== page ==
CoCos, or Contingent Convertible bonds, are hybrid securities that begin as interest-ber, but should specified triggering circumstances come to pass- say banks fall below their capital requirements- the bond converts to equity.

Q. We’re hearing this a lot with regard to the Spanish banking situation. Why?

A. Well, everyone agrees that that Spanish banks need a rescue, but there’s been a huge amount of debate about how that would happen. Looks like it will go through FROB, but still the question is: exactly what form will the rescue take? Many people would like it to be in the form of CoCos, contingent convertible bonds.

Q. Is this a new idea? What’s the point?

A. Fairly new idea, yes. There’s always been a huge amount of conflict between bank regulators and bank shareholders over how much leverage a bank should have and use. Obviously, the more leverage, the better the return on equity, which is great for shareholders. But, as we saw in the crisis, lots of leverage also makes the banks suseptible to shocks. So the point with the Spanish banks– and with banks around the world, really– is how the new money should come in: as equity, watering down the shareholders, or as bonds, adding to the leverage.

Q. And I guess CoCos somehow bridge this gap? They’re a compromise of some kind?

A. Yes, a hybrid security. They start off life as a bond and pay interest as usual. But if things go south for the bank, say its regulatory capital falls below a certain preset level, then the bond automatically converts into equity. It makes a lot of sense as a way to go about injecting capital into a troubled bank.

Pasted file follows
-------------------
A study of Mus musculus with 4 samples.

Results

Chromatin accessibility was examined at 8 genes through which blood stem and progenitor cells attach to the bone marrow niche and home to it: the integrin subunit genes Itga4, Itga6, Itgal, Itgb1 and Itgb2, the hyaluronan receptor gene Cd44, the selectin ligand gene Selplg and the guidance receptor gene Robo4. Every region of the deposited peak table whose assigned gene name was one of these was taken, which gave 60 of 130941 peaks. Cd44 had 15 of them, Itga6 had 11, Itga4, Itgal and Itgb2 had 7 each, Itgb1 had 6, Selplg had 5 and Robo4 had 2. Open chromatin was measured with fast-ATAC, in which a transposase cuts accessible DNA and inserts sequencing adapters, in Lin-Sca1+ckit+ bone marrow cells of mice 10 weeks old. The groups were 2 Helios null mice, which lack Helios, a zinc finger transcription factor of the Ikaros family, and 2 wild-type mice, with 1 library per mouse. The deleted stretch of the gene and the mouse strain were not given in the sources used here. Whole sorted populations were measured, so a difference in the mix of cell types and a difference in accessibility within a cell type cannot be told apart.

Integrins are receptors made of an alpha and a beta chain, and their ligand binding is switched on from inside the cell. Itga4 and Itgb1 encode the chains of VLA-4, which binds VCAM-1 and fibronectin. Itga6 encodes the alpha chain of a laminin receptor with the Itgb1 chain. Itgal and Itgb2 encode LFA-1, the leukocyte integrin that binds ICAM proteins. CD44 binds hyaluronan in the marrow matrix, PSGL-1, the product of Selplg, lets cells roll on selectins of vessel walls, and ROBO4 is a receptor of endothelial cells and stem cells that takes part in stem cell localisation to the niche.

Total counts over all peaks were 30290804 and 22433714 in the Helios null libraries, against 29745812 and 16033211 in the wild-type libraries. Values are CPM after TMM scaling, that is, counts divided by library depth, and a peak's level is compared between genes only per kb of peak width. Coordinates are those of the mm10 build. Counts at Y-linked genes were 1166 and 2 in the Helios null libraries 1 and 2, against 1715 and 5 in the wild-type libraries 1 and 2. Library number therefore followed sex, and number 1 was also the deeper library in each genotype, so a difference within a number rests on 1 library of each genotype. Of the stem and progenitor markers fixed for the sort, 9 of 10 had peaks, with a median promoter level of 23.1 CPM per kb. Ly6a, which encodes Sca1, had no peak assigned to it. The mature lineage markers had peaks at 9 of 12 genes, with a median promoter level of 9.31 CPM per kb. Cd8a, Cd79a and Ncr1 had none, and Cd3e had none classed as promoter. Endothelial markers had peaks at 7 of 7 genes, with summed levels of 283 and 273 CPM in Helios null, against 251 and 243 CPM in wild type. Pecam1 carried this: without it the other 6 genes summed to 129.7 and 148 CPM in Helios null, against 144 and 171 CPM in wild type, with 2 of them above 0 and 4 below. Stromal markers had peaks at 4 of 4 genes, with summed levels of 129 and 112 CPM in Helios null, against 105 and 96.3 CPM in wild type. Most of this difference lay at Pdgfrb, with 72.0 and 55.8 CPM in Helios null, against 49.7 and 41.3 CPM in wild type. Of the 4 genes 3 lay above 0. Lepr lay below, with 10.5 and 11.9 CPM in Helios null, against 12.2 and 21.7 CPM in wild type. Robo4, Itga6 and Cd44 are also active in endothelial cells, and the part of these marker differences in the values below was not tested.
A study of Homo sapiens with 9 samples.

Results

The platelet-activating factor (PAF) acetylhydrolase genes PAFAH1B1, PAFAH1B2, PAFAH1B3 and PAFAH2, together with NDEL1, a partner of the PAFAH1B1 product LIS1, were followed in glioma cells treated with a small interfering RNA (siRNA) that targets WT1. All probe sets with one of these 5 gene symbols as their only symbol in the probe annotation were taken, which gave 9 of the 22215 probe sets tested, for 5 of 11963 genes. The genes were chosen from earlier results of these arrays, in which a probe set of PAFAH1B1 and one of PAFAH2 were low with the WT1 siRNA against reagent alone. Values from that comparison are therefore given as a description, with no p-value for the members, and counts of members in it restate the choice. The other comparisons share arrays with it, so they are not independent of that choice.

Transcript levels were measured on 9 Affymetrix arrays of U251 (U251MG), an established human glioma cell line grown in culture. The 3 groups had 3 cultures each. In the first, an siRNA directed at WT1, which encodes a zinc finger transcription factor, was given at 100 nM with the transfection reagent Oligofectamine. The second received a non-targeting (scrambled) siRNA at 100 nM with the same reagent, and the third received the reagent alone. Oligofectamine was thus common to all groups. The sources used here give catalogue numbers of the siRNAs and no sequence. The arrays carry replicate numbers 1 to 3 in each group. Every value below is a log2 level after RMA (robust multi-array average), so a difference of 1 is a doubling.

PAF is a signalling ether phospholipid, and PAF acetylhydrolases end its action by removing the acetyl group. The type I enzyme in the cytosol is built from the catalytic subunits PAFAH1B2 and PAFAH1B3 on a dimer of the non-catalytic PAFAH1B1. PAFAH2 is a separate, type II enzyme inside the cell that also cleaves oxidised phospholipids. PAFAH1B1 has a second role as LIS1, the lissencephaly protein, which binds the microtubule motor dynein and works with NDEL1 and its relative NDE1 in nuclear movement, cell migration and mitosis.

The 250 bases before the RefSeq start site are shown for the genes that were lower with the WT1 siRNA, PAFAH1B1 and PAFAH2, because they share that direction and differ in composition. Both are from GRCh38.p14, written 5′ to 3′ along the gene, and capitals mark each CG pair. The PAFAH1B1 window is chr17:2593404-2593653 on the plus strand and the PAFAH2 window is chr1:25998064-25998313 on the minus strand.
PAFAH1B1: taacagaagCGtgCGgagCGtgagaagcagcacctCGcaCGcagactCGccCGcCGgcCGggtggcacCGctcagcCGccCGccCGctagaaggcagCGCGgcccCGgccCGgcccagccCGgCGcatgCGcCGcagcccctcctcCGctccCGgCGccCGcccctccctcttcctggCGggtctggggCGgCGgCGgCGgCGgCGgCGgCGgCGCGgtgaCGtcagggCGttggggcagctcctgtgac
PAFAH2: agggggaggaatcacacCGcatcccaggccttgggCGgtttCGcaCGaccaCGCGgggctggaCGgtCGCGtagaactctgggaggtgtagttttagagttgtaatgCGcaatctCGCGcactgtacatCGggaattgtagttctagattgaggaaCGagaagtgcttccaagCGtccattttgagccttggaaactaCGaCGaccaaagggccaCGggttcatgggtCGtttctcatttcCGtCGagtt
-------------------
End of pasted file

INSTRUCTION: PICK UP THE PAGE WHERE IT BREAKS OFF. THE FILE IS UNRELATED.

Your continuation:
Q. But surely the idea of hybrid securities is not new? We’ve seen things like this before, haven’t we?

A. We have. There are all sorts of convertible instruments out there, and many banks have issued hybrid securities before, which walked the line so well that regulators called them “equity” while shareholders considered them “bonds”. But the problem with those was that there were no clear rules about exactly when and how they’d convert… the bank had discretion about that. That led to huge amounts of fighting during the crisis, as the banks wanted to convert to add equity, but the bondholders, who would’ve taken big baths, said: if you do that, we’ll never lend to you again. So the advantage here is you get the hybrid treatment, but the rules are clear; the conversion happens automatically.